Basic Facts

1In the absence of a meal, your blood glucose level is a balance between glucose being made by the body (mostly by the liver) and glucose being used up by muscle as an energy source.


In people without diabetes the islet cells within the pancreas are able to increase or decrease insulin production to prevent swings in glucose above or below the normal range. For people using insulin this does not occur and once insulin is injected or infused from a pump high levels are produced. These high levels of insulin prevent the liver from being able to make extra glucose for exercise – increasing the risk of a hypo.


The opposite also occurs with some forms of exercise whereby the body’s response to exercise can be to produce chemicals (hormones) that have the opposite effect to insulin and turn on the liver to make more glucose. These so-called counter-regulatory hormones also reduce the ability of muscles to use glucose as a fuel. The net result is a high level of glucose in the bloodstream which, as well as being unpleasant and causing dehydration, can impair an athlete’s performance.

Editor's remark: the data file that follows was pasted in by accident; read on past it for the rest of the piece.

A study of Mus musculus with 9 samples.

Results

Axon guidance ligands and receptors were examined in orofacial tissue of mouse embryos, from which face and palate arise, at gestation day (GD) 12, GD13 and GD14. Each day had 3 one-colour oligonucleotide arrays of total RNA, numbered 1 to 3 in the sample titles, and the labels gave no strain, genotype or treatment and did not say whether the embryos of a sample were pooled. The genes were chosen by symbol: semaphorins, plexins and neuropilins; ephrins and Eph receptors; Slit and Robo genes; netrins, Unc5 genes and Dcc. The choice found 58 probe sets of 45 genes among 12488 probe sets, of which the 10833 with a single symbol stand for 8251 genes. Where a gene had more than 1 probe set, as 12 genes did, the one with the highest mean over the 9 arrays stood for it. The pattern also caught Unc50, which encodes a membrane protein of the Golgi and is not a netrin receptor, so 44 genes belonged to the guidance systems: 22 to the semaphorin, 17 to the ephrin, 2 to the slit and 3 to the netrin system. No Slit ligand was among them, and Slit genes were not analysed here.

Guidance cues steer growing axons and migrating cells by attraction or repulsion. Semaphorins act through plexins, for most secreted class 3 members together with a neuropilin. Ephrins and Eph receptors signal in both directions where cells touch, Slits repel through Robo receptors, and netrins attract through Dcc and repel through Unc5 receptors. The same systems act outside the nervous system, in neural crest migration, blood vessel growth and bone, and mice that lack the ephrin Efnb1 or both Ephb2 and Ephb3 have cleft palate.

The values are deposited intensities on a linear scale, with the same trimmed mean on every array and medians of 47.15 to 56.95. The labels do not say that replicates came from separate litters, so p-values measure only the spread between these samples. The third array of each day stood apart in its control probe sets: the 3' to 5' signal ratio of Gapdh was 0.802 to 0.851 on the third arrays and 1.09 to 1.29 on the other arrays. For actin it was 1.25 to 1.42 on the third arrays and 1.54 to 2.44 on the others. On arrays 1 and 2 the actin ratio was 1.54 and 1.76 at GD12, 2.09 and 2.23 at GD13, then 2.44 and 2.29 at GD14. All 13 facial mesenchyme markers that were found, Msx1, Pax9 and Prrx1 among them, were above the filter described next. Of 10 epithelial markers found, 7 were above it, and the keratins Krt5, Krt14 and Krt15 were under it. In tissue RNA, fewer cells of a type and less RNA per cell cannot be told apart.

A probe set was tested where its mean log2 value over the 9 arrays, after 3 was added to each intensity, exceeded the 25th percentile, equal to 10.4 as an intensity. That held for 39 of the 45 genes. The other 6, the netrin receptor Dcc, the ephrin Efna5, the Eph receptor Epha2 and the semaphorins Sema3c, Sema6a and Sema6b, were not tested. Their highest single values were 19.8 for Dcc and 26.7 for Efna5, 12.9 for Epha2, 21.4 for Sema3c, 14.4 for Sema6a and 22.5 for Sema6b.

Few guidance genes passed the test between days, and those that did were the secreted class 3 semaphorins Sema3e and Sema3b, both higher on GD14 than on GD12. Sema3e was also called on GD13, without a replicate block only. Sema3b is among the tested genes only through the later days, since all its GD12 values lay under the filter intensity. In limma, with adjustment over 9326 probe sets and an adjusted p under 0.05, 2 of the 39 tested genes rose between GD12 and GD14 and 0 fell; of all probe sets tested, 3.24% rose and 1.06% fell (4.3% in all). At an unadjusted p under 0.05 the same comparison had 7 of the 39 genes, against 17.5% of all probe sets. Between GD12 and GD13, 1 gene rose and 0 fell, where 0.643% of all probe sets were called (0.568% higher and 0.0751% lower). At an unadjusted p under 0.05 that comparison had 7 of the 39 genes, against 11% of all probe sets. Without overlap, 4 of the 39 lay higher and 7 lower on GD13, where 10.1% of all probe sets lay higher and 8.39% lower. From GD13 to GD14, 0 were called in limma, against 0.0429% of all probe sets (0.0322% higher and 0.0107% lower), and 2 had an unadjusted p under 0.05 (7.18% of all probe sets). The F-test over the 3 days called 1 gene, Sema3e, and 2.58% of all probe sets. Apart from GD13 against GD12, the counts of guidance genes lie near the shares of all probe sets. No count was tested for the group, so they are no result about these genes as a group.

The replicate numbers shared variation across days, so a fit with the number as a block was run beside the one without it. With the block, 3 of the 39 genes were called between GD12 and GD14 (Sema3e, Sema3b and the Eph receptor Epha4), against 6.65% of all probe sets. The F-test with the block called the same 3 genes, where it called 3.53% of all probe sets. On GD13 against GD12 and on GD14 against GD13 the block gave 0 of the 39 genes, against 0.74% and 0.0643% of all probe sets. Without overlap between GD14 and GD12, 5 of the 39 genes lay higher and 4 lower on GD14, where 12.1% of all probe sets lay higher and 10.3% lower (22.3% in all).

It is very difficult to establish a good diabetes exercise regime with both pump therapy and injections of insulin if the day to day diabetes control isn’t optimal. It may be sensible to perform some basal assessments of insulin prior to starting an intensive exercise program. Your diabetes healthcare team can help with this.


The risk of hypoglycaemia depends on

  1. Type of exercise – aerobic activity is more likely to cause hypoglycaemia than resistance training
  2. Intensity of exercise – high intensity aerobic exercise (e.g. running) is more likely to cause hypoglycaemia whereas high intensity resistance training (e.g. weights) can cause hyperglycaemia
  3. Duration of exercise – the longer you exercise the more likely the risk of hypoglycaemia. Usually blood glucose starts to drop after 30 minutes of aerobic exercise.